Never Mind Fake News, Fake Data Is Far Worse

With the furor over fake news, where the truth is massaged for commercial or political gain, the focus has gone off fake data—which can have a lot more perilous consequences.

Imagine for a moment that you have an insulin pump embedded into your body. It is equipped with wireless connectivity, remote monitoring, and near-field communication technology. It is, in fact, an Internet of Things (IoT) device. Because the device is accessible by your health professionals, its security could be vulnerable to attack.

It might sound like a Cold War spy novel, but someone could hack into your device and give you a fatal dose of insulin. Hackers could even enter fake insulin level data to trigger the overdose. This frightening scenario is just one example of how IoT devices present challenges to manufacturers and users alike.

Fake data arises from unchecked IoT devices, and the security of these is increasingly being questioned. There are even reports that devices have been hacked into and added to botnets that carry out malicious attacks. Because IoT devices generally have a weak infrastructure, they are easy targets, and the sensitive data they often contain makes them even more enticing to hackers.

There are basically two scenarios to consider. In one, the hacker gains access to the device and compromises the software of the sensor itself, so the readings become unreliable. In another, the hacker compromises the communications device and alters data that flows from the device to the decision point.

While currently most of the focus is on the latter cases, pushing developers to increase security and data encryption of communications devices, the former still seems grossly neglected.

This can be a problem, as we already have seen that device software might be the more successful route for hackers. The first time the implications of fake data came about was with the Stuxnet worm that targeted Iran’s nuclear facilities. That was back in 2010, when hardly anyone had heard of IoT.

When we consider the scope and scale of IoT devices today, it becomes even more frightening. Just recently, a teddy bear “leaked” private messages and email addresses through a hacking network where the data was held for “ransom.”

As demand for many devices is cost-sensitive, devices are often built with little security. Plus, many companies tend to downplay future-proofing; what might be declared safe now could be unsafe in the future.

In IoT, we are at the brink of an era where devices will be participants in financial transactions. To cite an overused scenario, what if you have a smart washing machine that has detergent cartridges built in? When the cartridge is nearly empty, it would be logical for the smart machine to automatically order more detergent from the manufacturer.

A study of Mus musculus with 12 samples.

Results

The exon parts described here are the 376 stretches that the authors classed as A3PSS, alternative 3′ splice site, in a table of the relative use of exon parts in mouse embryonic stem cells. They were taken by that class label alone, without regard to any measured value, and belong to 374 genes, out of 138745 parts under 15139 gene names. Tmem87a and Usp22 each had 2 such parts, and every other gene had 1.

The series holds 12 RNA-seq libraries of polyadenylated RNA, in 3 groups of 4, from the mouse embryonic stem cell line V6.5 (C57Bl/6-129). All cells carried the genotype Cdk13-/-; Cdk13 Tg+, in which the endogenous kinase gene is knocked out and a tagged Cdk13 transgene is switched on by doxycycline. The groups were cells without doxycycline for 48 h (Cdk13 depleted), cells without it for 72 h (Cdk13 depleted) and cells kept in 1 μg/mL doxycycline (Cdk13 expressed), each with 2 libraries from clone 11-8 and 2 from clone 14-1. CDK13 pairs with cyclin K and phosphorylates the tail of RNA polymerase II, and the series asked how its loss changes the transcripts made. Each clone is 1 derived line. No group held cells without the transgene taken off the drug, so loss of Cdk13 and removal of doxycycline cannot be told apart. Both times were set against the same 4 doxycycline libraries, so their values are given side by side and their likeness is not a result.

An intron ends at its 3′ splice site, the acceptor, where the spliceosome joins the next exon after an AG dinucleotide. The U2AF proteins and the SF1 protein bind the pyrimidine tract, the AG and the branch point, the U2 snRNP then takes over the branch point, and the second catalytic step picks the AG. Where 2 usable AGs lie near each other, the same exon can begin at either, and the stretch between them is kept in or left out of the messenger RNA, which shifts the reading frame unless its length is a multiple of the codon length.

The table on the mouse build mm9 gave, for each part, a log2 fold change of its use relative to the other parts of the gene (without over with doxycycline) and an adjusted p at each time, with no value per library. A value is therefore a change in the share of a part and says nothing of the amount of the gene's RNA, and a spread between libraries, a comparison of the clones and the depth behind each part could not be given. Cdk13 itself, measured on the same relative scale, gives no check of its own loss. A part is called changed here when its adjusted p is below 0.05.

But what if a daring detergent competitor hacked your machine and reinstructed the sensor in such a way that you ended up with a truck-load of detergent, all charged to your credit card? What if the competitor not only did that with your washing machine, but with all the other machines out there? Imagine the economic impact on the vendor.

There are specialists arguing that security issues will be the reason IoT will fail. My view is that the most promising new technology on the block that could solve the issues of device integrity is blockchain—pun intended. As blockchain was orginally designed for data integrity, why not use it for device integrity?

By sealing your sensor software with a cryptographic hash and by placing this hash in the blockchain, you could test at any moment whether a device’s integrity has been compromised. Simply do a checksum and compare the result with the outcome stored on the blockchain. It is just a matter of time before we will see the first security solutions based on blockchain hitting the market mainstream.

Let’s be clear: There are still some serious issues with blockchain to be solved. In that sense, it is like the 1990s when the internet appeared in our lives; we had quite number of protocols such as Gopher before the Hypertext Transfer Protocol became the standard. Similar to the internet, which started out so slowly, we will see some very fast movement in this area once the industry agrees on a standard.

While fake news might thrill some people, fake data can take down an electricity grid, a stock exchange, your organization, or, even worse, your life. It has to go.

Bart Schouw is IoT solutions director at Software AG. Based in the Netherlands, he has nearly 20 years of experience in IT in all areas.